Belarusian Defense Minister Andrei Ravkov recently signed a bilateral military cooperation agreement in Riga with NATO member Latvia. Belarus also signed similar agreements with Poland and the United States in October, and had already signed one with Lithuania in December 2015.
"Military cooperation between Minsk and NATO states is something to be welcomed," the Belarusian political scientist Roman Jakovlevski told DW. He explained that the agreements with Latvia, Lithuania and Poland, member states of both the European Union and NATO, were particularly important for Minsk as they share a 1,250-kilometer (780-mile) border with Belarus.
Jakovlevski said that Minsk has been a participant in NATO's "Partnership for Peace" program (PfP) since 1995. Furthermore, non-military cargo destined for the International Security Assistance Force in Afghanistan (ISAF) has been transported across Belarusian territory since 2011. Jakovlevski pointed out that Belarus also cooperates with NATO on a cadet exchange, joint inspections of military units, and the observation of maneuvers. After all, Belarusian soldiers also participate in peacekeeping operations, provided they have a UN mandate.
Military agreement with Russia
The military cooperation agreements with the NATO states would contain customary obligations – "but they're attracting particular attention at the moment," Jakovslevski said. This is primarily because of the tensions arising from Russian actions in Ukraine and Syria; secondly, because Minsk is in a military alliance with Moscow, and the Kremlin believes NATO is threatening Russian interests.
Jakoslevski said that the cooperation agreement with the NATO states would not contradict the existing military agreement between Belarus and Russia. According to the agreement with Moscow, the Belarusian army is an integral part of a joint regional military grouping with Russia. In Jakovlevski's view, the NATO cooperation agreements do not suggest Belarus is shifting towards the West. "Minsk would not undertake anything that would go against the military interests of Moscow," he said.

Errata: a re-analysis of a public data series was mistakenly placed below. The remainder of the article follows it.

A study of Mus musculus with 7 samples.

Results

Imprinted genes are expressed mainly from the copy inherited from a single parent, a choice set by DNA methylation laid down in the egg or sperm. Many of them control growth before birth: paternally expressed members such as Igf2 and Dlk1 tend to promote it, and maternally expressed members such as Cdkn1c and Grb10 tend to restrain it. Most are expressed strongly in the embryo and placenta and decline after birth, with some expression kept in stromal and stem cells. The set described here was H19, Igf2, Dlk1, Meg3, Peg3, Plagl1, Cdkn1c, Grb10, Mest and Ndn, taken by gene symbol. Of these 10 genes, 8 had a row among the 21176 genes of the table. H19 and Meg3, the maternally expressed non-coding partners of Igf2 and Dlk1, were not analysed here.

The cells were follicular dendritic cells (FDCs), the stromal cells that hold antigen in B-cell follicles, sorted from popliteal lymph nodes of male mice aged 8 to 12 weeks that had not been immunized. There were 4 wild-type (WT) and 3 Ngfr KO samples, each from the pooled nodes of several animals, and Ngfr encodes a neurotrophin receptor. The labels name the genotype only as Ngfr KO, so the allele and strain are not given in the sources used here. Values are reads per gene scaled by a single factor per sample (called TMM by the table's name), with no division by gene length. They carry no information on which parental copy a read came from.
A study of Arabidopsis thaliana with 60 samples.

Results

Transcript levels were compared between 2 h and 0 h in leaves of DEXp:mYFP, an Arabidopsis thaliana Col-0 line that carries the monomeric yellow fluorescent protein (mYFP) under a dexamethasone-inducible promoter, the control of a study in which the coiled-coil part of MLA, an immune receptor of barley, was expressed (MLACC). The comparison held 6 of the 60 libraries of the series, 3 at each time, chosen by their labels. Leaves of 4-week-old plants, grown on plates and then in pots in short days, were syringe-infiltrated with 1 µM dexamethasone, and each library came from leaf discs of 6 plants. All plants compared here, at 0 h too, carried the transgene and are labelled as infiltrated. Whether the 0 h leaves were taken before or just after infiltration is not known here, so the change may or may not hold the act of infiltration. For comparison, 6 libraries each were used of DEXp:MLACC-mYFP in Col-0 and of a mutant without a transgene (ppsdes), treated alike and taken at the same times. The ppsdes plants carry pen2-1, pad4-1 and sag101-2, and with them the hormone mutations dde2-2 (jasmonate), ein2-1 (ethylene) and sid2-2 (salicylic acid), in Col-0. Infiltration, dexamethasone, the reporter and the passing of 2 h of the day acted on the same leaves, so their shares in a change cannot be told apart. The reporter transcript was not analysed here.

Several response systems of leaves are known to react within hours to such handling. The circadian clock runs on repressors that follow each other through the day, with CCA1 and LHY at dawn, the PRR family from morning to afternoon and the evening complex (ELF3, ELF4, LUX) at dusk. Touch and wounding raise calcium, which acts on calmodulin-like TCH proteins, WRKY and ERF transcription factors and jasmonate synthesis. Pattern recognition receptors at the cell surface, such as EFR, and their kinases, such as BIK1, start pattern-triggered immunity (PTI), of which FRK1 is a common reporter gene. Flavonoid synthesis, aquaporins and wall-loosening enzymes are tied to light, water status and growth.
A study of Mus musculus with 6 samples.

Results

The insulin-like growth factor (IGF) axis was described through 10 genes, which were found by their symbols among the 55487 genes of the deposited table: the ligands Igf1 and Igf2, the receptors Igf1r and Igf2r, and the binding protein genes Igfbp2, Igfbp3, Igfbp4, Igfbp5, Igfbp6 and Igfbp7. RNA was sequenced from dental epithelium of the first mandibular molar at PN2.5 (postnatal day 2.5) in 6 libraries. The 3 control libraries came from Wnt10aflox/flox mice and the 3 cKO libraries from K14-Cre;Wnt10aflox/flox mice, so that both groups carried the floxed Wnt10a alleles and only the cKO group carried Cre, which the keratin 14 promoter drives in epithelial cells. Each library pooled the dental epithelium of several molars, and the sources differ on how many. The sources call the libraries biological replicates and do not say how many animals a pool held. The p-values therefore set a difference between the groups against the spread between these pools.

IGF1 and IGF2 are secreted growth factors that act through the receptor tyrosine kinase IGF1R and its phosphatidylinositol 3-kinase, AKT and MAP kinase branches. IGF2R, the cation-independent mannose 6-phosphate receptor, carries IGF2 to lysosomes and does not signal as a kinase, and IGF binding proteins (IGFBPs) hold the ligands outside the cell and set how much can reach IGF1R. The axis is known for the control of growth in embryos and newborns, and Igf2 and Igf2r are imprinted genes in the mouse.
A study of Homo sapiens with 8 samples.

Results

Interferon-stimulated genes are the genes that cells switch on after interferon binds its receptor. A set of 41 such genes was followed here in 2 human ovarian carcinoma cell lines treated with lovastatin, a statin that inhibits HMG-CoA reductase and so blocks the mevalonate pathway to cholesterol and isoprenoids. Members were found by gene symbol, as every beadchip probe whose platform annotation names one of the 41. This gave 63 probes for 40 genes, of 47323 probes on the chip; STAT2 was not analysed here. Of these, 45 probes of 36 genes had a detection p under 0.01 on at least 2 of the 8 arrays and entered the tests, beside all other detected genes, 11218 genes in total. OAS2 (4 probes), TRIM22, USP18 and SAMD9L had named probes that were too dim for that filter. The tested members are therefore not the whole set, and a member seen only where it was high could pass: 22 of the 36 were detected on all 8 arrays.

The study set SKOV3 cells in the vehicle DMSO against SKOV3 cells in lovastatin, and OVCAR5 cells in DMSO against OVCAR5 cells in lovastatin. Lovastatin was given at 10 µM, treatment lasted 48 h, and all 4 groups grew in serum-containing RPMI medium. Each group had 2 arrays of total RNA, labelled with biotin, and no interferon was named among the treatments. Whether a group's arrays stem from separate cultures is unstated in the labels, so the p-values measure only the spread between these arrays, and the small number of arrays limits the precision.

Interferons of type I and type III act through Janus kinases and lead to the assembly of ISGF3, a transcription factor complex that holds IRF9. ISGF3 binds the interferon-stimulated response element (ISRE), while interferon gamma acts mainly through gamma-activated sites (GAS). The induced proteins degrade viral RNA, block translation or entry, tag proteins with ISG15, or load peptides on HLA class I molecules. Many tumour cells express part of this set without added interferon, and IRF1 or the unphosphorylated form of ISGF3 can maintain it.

What are Minsk's objectives?
Minsk is always on the side of the Kremlin, including in its assessment of events in Ukraine and Syria, says Vytis Jurkonis, political scientist at Vilnius University. In his view, the peace-loving noise Belarus has been making since Russia annexed Ukraine's Crimean Peninsula is a "PR campaign" with which Minsk is trying to present itself as neutral. "The Belarusian leadership wants to gain access to European money, while at the same time making Moscow nervous by turning towards the West," he said, adding that in this way, the government in Minsk is trying to steer the Kremlin in its favor on the international stage.
"Belarus cannot be neutral, because it has two Russian military bases on its territory, and is conducting maneuvers with the Russian military on the NATO border," Jurkonis said.
But how does Moscow see Belarus' agreement on formal military cooperation with NATO states? Andrei Serenko, a Russian political analyst and member of the League of Experts of Post-Soviet Space (LEPSS), told DW: "Moscow is hardly going to be pleased with Belarus' attempts to demonstrate autonomy and diversify its foreign policy." On the other hand, he added, Russia had little to fear from the new agreement. "Moscow wields enormous influence over Minsk," Serenko said.
Special forces agreement with the Kremlin
According to a decree published at the beginning of December the Belarusian president Alexander Lukashenko (pictured at top) has, among other things, instructed Belarus' State Security Committee (KGB) to negotiate with the Russian side over an agreement that would permit the deployment of both countries' special forces in anti-terrorism operations on the other's territory. Mikhail Pastukhov, the former head of the Belarusian constitutional court, regards this as a violation of the constitution. "It says that Belarus itself is responsible for securing law and order in the country," he said.
But why does Minsk need Russian special forces? Vladimir Borodach, a former colonel in the Belarusian secret service who now lives in Germany, told DW that Minsk has plenty of special forces of its own. "However, Lukashenko and Russian President [Vladimir] Putin fear that that the decline of their national economies will mean the same thing happens as happened in Kyiv: mass anti-government protests." In that event, Russian special forces would rush to Lukashenko's aid; or conversely, Belarusian forces would fly to Moscow to "strangle the insurgents," should Russia's own special forces refuse to do so.